Photo courtesy of James Silverman Photography
While this cabin looks spookily lizard-like, its unusual structure was created in response to Swedish environmental building regulations. The solar-powered off-grid cabin is owned and designed by Maartje Lammers and Boris Zeisser of 24H Architecture as a family summer vacation retreat in southern Sweden’s Glaskogen nature reserve. The locals of the lakeside area affectionately call the house “Dragspelhuset,” or Accordion House because a room of the house is capable of extending outwards over the nearby stream.
Before Lammers and Zeisser converted this stream-side cabin into a wondrous, fantastical retreat, it was a small, one room fishing shack on the banks of Lake Ovre Glaskogen. According to Swedish regulations, no new construction is allowed on waterfronts, and the cabin was already very close to the maximum set-back from the property line, which made additions challenging. As an additional restriction, no additions to the cabin could be larger than 300 sq feet, but they found the location ideal and bought it anyways. With a bit of ingenuity and a careful design to maximize space they were able to build according to regulations and still have their dream retreat.
Inspired by Frank Loyd Wright and Fallingwater, Zeisser wanted a house that extended out over water. To meet all the Swedish regulations and their own requriments, Lammers and Zeisser designed for a moveable room that can be rolled out along two steel rails with a series of ropes and pulleys. This living room area extends out while the family is in residence, and returns into position when they leave. This way, the extension has no foundation and is really a part of the main footprint, which circumvents the size restrictions on additions and set-back lines.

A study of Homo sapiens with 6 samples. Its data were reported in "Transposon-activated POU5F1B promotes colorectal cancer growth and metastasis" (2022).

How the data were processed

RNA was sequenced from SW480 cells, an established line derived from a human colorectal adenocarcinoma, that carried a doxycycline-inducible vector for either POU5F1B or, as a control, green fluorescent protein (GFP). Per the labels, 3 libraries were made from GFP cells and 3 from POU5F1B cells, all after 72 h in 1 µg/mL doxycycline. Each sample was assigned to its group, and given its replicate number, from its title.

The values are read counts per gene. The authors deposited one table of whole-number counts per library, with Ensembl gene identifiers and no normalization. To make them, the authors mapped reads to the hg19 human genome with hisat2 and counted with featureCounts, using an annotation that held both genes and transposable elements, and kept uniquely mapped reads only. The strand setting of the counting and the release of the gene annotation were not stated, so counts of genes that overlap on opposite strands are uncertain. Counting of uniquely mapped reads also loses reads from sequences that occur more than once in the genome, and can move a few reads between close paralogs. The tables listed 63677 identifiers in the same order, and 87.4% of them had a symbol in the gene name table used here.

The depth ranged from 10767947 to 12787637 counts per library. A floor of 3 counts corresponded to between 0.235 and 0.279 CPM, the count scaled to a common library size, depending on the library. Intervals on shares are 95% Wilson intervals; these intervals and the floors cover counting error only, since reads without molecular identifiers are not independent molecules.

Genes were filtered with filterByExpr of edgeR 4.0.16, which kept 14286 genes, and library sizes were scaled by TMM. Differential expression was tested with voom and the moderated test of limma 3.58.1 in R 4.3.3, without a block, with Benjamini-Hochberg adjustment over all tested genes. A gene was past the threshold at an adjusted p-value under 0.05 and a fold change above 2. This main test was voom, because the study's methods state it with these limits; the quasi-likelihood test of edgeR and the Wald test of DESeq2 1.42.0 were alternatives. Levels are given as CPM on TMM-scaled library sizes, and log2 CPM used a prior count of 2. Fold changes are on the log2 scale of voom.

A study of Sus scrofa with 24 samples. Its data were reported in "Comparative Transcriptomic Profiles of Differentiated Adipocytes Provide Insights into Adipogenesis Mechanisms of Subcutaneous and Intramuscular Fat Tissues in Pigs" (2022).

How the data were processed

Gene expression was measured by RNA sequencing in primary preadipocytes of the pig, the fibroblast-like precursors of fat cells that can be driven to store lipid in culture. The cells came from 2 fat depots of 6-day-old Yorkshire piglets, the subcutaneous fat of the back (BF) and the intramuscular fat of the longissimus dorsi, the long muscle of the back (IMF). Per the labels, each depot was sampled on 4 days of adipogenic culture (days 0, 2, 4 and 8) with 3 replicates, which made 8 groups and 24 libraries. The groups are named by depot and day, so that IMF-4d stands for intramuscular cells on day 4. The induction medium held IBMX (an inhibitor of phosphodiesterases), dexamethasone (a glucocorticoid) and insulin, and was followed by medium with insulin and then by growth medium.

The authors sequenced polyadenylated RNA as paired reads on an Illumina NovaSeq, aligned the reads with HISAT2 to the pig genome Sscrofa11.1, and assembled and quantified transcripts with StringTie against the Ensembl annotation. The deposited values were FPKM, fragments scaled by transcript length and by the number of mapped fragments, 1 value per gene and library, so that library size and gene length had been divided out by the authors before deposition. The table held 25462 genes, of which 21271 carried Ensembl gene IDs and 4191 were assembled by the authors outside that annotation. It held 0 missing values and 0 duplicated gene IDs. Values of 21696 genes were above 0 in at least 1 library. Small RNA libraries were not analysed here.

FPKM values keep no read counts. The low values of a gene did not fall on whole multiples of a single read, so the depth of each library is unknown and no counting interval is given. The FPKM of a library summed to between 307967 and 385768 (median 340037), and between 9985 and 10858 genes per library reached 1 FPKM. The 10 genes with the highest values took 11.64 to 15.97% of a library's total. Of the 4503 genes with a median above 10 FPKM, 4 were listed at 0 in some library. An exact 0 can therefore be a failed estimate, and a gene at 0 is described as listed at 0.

The organic cabin has a frame constructed of pine, with western red cedar shakes, which will eventually turn gray, blending in with its surroundings. The interior is naturally bright and lined with silver birth laths. Reindeer hides were nailed to the walls and ceiling to provide extra insulation, which was inspired by the Sami culture in Northern Scandanavia. Additionally, the cabin has no running water or phone lines and is not tied to the electric grid. The off-grid cabin is powered by solar panels on the roof.
When fully extended, the cabin is 775 sq ft, with a kitchen, living room, dining room, bedroom and a sleeping loft. As the architects describe Dragspelhuset, they see it as a tightly sealed cacoon in the winter when the movable extension is stored inside the body. When they return in the summer and extend the living room, they liken it to a butterfly expanding its wings to provide shelter on rainy days. Either way, it is an ingenious use of a small space, totally off-grid and in harmony with its surroundings.